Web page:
Finland’s class system of peasants, clergy and nobility was abolished over a century ago, but many old aristocratic families are still present in society today.

Mies osoittaa aatelisvaakunaa taulusta.
Image: Yle

With 4,000 people of aristocratic descent, Finland is home to just half the blue-blooded families it was centuries ago. Political and financial privileges may have faded, but old family tales still live on.

Pasi Blåfield’s ancestors were awarded noble rank and a family coat of arms in 1476. Hundreds of years ago, families like the Blåfields wielded significant political power.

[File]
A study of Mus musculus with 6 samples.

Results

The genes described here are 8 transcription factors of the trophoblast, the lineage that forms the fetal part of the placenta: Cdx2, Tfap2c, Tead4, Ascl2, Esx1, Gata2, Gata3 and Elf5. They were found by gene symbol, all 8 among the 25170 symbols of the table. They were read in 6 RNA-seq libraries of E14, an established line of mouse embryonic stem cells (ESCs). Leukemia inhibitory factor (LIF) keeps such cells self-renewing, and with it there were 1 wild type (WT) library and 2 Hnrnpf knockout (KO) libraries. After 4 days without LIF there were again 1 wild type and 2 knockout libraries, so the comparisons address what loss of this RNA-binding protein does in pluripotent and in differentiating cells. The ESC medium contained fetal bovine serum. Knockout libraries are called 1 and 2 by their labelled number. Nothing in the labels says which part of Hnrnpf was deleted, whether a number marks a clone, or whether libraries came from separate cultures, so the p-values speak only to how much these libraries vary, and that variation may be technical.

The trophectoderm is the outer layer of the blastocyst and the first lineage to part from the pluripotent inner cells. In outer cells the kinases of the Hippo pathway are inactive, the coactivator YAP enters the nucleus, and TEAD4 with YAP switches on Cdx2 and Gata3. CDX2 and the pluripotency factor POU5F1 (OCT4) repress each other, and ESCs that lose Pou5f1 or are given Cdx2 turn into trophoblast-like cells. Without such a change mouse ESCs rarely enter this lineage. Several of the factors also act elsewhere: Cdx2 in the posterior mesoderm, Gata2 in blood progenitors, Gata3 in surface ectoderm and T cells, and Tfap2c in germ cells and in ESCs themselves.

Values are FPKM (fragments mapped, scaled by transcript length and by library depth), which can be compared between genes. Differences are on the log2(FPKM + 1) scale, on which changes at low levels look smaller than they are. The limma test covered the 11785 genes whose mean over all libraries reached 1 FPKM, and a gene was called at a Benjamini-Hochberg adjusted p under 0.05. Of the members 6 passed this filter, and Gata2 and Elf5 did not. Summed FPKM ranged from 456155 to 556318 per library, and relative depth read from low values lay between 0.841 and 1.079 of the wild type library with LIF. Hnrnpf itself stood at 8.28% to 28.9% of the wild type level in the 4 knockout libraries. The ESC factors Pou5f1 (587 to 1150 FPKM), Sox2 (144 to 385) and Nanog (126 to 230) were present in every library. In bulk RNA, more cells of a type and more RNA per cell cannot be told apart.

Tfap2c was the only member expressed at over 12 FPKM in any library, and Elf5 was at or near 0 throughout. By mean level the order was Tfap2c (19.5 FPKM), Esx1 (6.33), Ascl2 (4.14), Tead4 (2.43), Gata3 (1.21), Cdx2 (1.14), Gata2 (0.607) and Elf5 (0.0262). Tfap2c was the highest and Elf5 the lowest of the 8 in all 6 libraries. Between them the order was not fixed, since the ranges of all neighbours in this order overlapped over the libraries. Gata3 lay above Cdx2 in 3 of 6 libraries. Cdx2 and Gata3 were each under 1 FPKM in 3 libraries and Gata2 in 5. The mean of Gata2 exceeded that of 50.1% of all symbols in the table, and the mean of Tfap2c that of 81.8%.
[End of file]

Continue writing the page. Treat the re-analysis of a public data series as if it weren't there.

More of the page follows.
“It’s something to be modestly proud about,” says Blåfield of his family’s long history.

The Finnish House of Nobles was born under Swedish rule. Position and titles are exclusively inherited by sons—a reason why Finland has just 148 noble families, half of the original number.

Roots in feudal system

During the Middle Ages, Swedish kings granted noble rank to those providing the crown with the means to exercise military rule. These faithful subjects were rewarded with tax exemptions.

“At one stage our family had over 100 manors, but now we don't have a single one,” says Blåfield.

Family legend says some of the wealth was lost to gambling.

Members of the Blåfield family have traditionally enjoyed long military careers. But today’s family members have regular jobs—few descendants of old elite families can expect to inherit estates.

The Finnish House of Nobility says that 90 percent of its current members are “regular people.”